Climate Crisis and the Environment

Venice Floods: Preventable or Not?

People walk through flooded Venice.

Venice is a beautiful city; full of iconic historical buildings to amazing architecture, but little do people know that it is a sinking city which struggles with flooding. This year has been no different; Venice is flooded, and it is the worst it has been since 1966. Venice experienced the second-largest tidal wave of over 1.87mm. The highest observed damage was in 1966, where 75% of Venice was affected by a 1.94m tide, mortifying the city.

Although climate change is an influential factor, for example the sea level rising and the extreme weather, it cannot be the only reason for it. This is because major flooding has affected Venice 19 times since the first recorded date in the 1960. However, there has been an increase in the occurrences of such events in recent years.

“there has been an increase in the occurrences of such events [major flooding] in recent years”

Venice is an island that is sinking for two reasons – one of which is a natural process called ‘land subsidence’ and the other relating to tidal flows, where the phenomena is called ‘Aqua Alta’ (high water). Aqua Alta is the result of tidal changes, which are affected by multiple factors such as strong winds and storms. Venice will always be concerned with the tidal changes as it has 3 canals running straight through the city, and, with the tidal rises, the sea water enters the laguna (i.e. Venice). As the tides are much worse in the winter months, and the combination of both the land subsidence and the Aqua Alta, the likelihood of flooding is a greater concern and one that engineers try to design in anticipation of. It is common for Venice to obtain such high tides once every 5 years, meaning that it can be modelled against.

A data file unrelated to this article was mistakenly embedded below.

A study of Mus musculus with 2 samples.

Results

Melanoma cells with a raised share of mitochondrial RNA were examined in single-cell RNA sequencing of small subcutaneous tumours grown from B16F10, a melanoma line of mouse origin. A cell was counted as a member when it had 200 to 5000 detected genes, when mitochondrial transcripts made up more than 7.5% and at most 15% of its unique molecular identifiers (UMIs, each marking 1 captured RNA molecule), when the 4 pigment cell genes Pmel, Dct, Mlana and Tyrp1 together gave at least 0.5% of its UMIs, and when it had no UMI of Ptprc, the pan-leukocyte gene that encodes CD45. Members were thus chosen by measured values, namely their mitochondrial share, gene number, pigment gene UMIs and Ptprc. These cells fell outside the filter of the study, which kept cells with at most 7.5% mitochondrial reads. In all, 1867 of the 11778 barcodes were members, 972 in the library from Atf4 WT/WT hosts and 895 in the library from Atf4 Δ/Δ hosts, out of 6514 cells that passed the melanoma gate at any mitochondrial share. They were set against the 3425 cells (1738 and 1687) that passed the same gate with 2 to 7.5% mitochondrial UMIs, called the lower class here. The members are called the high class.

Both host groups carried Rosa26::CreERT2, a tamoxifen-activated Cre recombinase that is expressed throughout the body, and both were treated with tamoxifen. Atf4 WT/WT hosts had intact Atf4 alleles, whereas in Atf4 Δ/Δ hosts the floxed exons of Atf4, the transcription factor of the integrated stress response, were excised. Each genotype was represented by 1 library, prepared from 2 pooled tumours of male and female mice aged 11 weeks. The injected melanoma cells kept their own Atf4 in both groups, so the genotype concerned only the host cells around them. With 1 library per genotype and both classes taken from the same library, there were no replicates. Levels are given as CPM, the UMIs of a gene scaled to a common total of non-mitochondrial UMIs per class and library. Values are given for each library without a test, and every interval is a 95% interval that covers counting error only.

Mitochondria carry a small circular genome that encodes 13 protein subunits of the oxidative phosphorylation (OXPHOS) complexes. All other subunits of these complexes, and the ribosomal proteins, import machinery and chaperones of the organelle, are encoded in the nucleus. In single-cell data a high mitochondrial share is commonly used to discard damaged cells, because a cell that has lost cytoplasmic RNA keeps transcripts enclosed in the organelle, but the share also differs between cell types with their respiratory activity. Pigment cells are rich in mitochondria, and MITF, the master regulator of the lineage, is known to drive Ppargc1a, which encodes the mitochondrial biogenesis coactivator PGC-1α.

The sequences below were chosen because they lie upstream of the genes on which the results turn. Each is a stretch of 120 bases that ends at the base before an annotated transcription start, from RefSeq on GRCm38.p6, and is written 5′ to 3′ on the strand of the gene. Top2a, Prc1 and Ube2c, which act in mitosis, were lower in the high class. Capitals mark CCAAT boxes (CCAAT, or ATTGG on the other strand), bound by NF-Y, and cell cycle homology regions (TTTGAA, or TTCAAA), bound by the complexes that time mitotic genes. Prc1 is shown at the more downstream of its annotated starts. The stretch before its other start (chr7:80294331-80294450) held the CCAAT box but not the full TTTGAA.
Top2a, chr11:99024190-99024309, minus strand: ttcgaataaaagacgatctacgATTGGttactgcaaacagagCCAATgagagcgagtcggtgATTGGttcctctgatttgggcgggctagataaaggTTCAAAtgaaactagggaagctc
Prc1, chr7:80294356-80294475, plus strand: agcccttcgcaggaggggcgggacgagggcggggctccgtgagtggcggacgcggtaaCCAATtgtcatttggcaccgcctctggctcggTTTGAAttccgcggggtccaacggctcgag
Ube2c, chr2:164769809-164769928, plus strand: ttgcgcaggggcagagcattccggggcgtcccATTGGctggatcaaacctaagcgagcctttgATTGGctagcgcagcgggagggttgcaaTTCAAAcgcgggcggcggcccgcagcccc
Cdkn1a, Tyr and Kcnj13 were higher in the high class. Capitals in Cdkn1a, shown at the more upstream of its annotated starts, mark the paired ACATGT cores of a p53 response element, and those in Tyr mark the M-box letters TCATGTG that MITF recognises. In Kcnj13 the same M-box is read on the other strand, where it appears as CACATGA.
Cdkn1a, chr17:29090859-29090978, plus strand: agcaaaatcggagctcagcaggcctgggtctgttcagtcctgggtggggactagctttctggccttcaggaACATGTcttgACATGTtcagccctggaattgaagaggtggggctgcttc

Contrary to popular belief, a flood design framework was created, MOSE (a $6-billion flood barrier), which was introduced to prevent Venice from flooding in 2003. The project’s aim was to build a steel barrier that would resist against 10-feet tidal waves. However, it became hugely delayed from a finish date of 2016 to 2021 (remind you of the infamous Crossrail being delayed?).  There is a lot of controversy surrounding the project from the affect the project will have on lagoons, to the maintenance of the system and whether the project will be able to work under greater stresses in the future, but considering that the city is in a state of emergency, something has to be done. The project was set to see the trialling phase starting the following year, where it was hoping to have 78 gates fully operational and working simultaneously for tides greater that 1.1m up to 3m.

“considering that the city is in a state of emergency, something has to be done”

Unfortunately, it takes a devastating event to happen for leaders to act and realise the importance of executing flood and coastal designs, instead of putting it on the back burner. At least 2 residents have died due to the floods. Iconic areas, such as St Mark’s Square, are underwater. A photo was taken recently where someone was actually swimming across the square.

Something needs to be done, before it’s too late.

Saira Akhtar

Featured image courtesy of CameliaTWU via Flickr. No changes were made to this image. Image use license here.